Pet shop faces criticism for selling fireworks

Dofos on Blenheim Place was founded more than 60 years ago. Picture: Ian Rutherford
Dofos on Blenheim Place was founded more than 60 years ago. Picture: Ian Rutherford

Booming bangers and whizzing rockets will dominate the skies on Bonfire Night – sending terrified animals scampering for cover.

But in a bizarre move that has confounded animal charities, an official fireworks merchant for Guy Fawkes Night has opened downstairs from Edinburgh’s oldest pet store.

Bosses at the Dofos Pet Centre on Blenheim Place say renting out the premises to the new business is simply a way to make more money but animal groups have reacted with “concern”.

Owner Denise Davidson said the fireworks were being sold from a vacant space beneath the famous pet story founded in 1953 and they even stocked calming remedies for animals scared witless on November 5.

“It’s just a way of making extra money,” she said. “The space underneath the shop was empty and I wanted to use it. We get people using both stores and it’s been very popular. You will always have fireworks being set off near to animals. I don’t think having the firework store there makes much of a difference to that.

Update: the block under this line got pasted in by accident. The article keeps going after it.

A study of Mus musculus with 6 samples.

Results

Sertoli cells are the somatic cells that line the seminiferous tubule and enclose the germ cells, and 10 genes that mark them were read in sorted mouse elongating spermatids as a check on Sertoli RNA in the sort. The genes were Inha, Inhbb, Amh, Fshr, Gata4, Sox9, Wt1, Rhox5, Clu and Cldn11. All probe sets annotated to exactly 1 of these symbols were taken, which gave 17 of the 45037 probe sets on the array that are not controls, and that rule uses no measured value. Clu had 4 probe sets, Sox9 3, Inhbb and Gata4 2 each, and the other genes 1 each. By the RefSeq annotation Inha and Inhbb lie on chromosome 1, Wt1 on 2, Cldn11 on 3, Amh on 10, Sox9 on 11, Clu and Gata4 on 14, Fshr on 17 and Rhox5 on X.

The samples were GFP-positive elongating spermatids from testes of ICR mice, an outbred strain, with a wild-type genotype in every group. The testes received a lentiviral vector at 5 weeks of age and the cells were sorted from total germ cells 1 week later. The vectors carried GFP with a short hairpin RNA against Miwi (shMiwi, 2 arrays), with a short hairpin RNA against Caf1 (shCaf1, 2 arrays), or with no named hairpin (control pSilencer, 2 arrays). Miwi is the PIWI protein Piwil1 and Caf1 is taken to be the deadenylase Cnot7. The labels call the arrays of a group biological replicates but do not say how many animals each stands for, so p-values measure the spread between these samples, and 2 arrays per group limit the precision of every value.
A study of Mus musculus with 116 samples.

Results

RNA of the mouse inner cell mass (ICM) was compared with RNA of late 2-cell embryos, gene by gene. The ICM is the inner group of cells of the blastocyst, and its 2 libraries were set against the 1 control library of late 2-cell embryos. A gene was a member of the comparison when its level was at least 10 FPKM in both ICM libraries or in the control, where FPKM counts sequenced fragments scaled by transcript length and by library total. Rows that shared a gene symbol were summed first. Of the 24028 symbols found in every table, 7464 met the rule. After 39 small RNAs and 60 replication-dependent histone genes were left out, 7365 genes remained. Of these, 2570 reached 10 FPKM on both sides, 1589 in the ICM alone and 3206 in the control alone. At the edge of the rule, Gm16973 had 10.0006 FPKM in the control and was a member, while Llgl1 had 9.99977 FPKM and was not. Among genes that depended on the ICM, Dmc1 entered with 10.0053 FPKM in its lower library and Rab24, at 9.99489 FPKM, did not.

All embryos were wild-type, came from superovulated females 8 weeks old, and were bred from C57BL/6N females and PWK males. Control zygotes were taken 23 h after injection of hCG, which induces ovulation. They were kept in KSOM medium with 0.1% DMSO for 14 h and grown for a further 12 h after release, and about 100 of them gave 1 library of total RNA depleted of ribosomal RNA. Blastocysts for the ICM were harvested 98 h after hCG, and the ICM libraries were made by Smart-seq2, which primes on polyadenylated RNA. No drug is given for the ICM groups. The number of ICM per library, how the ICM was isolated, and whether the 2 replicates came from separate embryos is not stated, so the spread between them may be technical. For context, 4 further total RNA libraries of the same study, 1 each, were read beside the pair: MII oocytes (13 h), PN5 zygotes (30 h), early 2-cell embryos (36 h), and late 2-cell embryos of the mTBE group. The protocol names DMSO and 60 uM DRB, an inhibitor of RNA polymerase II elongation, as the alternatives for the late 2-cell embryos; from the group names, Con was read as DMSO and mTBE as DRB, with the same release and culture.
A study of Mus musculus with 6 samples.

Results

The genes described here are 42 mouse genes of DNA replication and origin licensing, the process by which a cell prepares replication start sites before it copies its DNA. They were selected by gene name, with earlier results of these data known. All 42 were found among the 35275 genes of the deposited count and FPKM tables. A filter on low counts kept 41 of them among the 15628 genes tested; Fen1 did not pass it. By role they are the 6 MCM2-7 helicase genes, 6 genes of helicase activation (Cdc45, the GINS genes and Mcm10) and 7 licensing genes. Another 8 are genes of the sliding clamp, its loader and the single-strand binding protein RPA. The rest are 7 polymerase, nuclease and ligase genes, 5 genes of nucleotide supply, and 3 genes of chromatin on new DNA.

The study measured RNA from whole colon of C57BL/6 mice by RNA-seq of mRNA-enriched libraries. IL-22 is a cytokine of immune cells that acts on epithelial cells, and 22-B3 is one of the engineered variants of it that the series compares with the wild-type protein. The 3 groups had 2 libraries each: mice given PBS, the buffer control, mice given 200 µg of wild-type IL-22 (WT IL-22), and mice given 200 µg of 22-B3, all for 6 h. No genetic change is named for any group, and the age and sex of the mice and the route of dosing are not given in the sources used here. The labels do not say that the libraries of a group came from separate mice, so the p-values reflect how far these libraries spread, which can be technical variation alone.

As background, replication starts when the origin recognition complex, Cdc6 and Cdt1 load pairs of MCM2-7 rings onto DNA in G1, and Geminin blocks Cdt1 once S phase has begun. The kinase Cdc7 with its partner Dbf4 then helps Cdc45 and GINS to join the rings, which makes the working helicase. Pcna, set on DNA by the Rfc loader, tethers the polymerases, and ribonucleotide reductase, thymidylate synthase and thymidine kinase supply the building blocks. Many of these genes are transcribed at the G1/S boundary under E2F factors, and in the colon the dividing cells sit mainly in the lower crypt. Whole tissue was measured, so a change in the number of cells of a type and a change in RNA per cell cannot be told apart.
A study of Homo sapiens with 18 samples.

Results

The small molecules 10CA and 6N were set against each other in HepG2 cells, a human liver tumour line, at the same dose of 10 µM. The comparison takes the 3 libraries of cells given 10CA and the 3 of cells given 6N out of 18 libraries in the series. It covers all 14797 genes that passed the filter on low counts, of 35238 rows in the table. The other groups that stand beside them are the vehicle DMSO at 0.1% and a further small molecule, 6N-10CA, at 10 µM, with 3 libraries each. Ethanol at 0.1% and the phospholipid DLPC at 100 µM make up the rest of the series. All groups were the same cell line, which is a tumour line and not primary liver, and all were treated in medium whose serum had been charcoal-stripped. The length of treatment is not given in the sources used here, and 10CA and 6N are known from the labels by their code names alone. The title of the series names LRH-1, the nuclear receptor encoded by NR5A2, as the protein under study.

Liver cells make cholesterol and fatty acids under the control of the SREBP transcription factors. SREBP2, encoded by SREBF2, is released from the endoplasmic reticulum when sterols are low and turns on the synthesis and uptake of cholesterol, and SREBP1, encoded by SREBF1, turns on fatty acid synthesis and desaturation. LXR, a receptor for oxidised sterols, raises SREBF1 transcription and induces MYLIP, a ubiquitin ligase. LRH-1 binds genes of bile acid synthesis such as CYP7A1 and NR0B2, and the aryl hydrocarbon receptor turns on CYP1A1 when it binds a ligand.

“Sainsbury’s sells fireworks and has a pet aisle, would anybody say anything different about that?”

She added: “I’ve been down and made 100 per cent sure we’re meeting the correct safety measures. It’s downstairs and far away from any of our animals.”

Dowager Duchess of Hamilton, chair of Scottish Staffordshire Bull Terrier Rescue, said she admired the Dofos store but said its latest move set a bad example.

“The shop has a good reputation and it’s sad to see them resort to this,” she said. 
“People would appreciate if they didn’t.

“Most dogs are petrified and it’s very difficult to watch them cowering in corners during Fireworks Night.”

Firework safety rules demand that vendors run their own risk assessments on properties to ensure appropriate measures are taken but there are no hard and fast restrictions on retail units wishing to sell them.

However, concerns remain about the relationship between fireworks and pets in Scotland.

In 2013 Scottish SPCA published a survey which found that 90 per cent of Scottish vets support tighter fireworks regulations.

Scottish SPCA chief superintendent Mike Flynn said: “Some animals have a much stronger reaction to fireworks than others. Anyone with an animal that does suffer from a fear of fireworks should keep their pet indoors on Bonfire Night with the curtains closed and the television or radio turned on for background noise.”


LEGIONS of caped crusaders including Superman, Batman and Spiderman will be braving the November air to watch Edinburgh’s official fireworks display at Meadowbank tomorrow night.

Children are encouraged to attend the Bonfire Night spectacular in outfits belonging to their favourite superhero with the best dressed set to trigger the show. The event starts at 6pm.